Photos: Animal Cruelty in Missouri and Rescues from Abuse

  • Mike Bizelli
  • Newton County puppy mill in 2009. More photos below.

From the puppy dragged a mile on the highway to tens of thousands of neglected chickens, photographer Mike Bizelli has seen a lot of horrifying sights of animal abuse in Missouri.

"There is cruelty out there," he says, "but then there's great compassion." The compassion, he says, comes in the forms of the volunteers and professionals who rescue and adopt abused animals all across the state -- something that Bizelli has documented for more than a decade with the Humane Society of Missouri.

Bizelli, a freelance photographer with the organization, is showcasing his stunning photos in an art exhibit next week and gave Daily RFT a sneak peek at some of the images and the stories behind them. Photos on view below.

From Trooper to Sonny to Twister to Tumbleweed to Marshall the Miracle Dog, Bizelli, the 62-year-old Overland resident, has photographed a lot of famous cases of animal abuse in the state over the last fifteen years.

Rescued puppy mill pup getting a bath at HSMO headquarters in St. Louis in 2009. - ALL PHOTOS BY MIKE BIZELLI
  • All photos by Mike Bizelli
  • Rescued puppy mill pup getting a bath at HSMO headquarters in St. Louis in 2009.

He's tagged along to puppy mill busts, rescues from hoarders, poisonous snake roundups -- and much more.

"The conditions can be pretty awful," he tells Daily RFT.

He never quite knew what to expect when he first start shooting for the organization. At the puppy mills, for example, he says, "I thought there were going to be mean little dogs trying to bite you, but that was not the case at all. These dogs were pleading to get out of there."

On another job, he says, "It was muddy and there were dead chickens laying all over.... The chickens had nothing to eat."

Dr. Julie Brinker, veterinarian at HSMO, checking out a victim of the Joplin tornado in May 2011.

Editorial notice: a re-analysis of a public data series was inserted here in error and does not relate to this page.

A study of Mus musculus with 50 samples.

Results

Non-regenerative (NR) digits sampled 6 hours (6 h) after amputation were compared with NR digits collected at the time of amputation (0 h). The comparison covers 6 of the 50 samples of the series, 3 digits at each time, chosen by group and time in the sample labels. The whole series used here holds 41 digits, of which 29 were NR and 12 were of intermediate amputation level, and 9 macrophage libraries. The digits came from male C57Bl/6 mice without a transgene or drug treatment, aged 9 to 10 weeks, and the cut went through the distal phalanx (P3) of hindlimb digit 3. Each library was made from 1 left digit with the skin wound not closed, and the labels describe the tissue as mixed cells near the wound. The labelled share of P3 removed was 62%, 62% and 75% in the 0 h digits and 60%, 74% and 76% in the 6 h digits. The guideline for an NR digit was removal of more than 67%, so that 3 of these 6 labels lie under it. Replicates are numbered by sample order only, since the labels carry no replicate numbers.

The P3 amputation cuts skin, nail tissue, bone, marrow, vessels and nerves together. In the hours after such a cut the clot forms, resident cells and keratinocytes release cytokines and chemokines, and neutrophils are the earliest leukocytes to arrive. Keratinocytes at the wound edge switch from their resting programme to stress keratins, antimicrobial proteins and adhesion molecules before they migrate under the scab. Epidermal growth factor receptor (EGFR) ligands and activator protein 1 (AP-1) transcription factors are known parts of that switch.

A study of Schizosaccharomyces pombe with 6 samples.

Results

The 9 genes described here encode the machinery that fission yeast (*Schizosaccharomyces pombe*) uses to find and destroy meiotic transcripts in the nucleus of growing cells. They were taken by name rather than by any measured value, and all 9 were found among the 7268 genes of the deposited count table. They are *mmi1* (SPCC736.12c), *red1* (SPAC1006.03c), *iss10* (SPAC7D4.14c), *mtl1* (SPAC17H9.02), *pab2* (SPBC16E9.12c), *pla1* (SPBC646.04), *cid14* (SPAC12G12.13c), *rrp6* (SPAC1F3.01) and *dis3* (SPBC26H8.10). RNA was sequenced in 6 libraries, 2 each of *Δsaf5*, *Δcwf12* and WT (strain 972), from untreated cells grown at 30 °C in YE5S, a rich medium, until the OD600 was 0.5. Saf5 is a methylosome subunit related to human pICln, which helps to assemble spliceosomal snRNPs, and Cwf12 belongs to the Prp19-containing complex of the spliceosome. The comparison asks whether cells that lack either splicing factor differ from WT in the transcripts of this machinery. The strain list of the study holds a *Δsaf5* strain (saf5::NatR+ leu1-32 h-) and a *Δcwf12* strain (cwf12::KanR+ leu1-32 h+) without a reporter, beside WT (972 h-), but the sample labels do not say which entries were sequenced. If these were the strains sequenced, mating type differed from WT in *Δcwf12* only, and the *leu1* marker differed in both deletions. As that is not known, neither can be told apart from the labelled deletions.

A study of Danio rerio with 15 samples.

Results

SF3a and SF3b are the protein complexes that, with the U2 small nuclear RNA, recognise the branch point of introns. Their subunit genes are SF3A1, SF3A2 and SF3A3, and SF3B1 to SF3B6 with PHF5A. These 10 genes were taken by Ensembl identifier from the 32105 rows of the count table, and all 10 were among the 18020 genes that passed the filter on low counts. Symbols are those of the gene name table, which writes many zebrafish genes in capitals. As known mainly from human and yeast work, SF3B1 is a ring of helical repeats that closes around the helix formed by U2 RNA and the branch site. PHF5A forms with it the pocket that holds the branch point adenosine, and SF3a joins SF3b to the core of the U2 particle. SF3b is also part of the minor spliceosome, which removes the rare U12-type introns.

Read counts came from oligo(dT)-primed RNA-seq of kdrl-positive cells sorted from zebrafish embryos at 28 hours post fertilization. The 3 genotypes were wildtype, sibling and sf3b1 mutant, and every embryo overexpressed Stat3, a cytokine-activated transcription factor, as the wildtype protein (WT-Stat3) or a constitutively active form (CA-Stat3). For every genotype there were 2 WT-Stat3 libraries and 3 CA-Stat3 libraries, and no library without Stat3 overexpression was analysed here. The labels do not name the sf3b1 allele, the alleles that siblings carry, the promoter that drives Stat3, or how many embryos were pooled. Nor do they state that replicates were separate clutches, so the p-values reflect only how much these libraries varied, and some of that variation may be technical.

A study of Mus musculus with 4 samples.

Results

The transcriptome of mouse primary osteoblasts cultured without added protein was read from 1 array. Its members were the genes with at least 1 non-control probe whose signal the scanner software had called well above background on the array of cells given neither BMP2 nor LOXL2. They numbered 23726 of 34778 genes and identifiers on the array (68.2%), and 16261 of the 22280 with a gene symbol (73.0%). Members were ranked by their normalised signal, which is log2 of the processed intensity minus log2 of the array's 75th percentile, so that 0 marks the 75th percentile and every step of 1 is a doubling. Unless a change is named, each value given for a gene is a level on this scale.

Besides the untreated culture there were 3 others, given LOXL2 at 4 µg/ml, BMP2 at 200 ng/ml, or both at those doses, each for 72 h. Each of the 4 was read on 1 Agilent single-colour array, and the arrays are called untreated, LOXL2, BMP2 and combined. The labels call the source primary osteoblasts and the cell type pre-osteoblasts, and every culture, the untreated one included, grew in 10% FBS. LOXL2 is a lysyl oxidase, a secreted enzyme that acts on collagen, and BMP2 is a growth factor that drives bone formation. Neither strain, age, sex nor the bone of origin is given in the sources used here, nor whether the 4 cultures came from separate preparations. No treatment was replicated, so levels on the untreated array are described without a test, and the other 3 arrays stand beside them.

• Dr. Julie Brinker, veterinarian at HSMO, checking out a victim of the Joplin tornado in May 2011.

As important as it to document this neglect and abuse -- and the photos he takes can be used for evidence -- it's also important for him to capture the moments of rescue, adoption and recovery, he says.

"There's this great awe factor...when you see people with these animals," he says. "It's definitely emotional."

The photo exhibit will run April 5 (5-9 p.m.), 6 (10 a.m.-5 p.m) and 7 (noon-4 p.m.) at the Humane Society of Missouri headquarters lecture hall at 1201 Macklind Avenue. Admission is $10, online at bizelliphotography.com or at the door.

Continue for more photos and stories from Bizelli's work.

All images below taken by Bizelli, with his captions.

chicken_rescue_image.jpg

This is Dr. Melinda Fleming, veterinarian at HSMO in Ste. Genevieve County, on August 30, 2006. There were an estimated 10,000 chickens at this egg laying operation. HSMO was there to assist the sheriff serving a warrant to inspect, care for or impound animals believed to be neglected or abused. HSMO removed a suffering calf and a few chickens. Authorities deemed the operation unsafe and it was eventually closed.



pig_image_bizelli.jpg

This is Walter, a Barn Buddy, at Longmeadow Rescue Ranch near Union, MO, on Feb. 10, 2011. Longmeadow is a 165 acre refuge for rescued farm animals. Barn Buddies live permanently there playing leading roles in HSMO's humane education program.

Continue for more photos and stories.




tumbleweed_1.jpg

This shot was taken in Vernon County, MO, Jan.6, 2012. Tumbleweed was near death because of malnourishment. She was 130 pounds underweight. HSMO Animal Cruelty Task Force members and sheriff's deputies put her on a sled-like apparatus called a glide then on to a horse trailer where she went to an emergency equine center in St. Charles County. She spent several weeks there, then to Longmeadow Rescue Ranch where she is thriving. I have many shots of Tumbleweed for the exhibit. The other 15 horses and two donkeys were taken to Longmeadow that day.

Continue for more photos and stories.

tumbleweed_2.jpg

Tumbleweed on the rebound at Longmeadow on March 27, 2012.

tumbleweed_3.jpg

Here she is with Ocho at Longmeadow on Aug. 27, 2012.

trooper_1_MB.jpg

Here is Trooper five days after he was dragged. Dr. Mark Wright, HSMO veterinarian and emergency room tech Jason Lementino on Nov. 26, 2012, perform the procedure.

Continue for more photos and stories.

trooper_2_MB.jpg

Trooper takes a walk in his surgical pajamas after a laser treatment on Jan4, 2013, at HSMO headquarters on Macklind.

trooper_3_MB.jpg

Trooper playing tug-of-war with HSMO Director of Events Shana Cook at HSMO offices on Macklind, Jan. 31, 2013.


Send feedback and tips to the author. Follow Sam Levin on Twitter at @SamTLevin.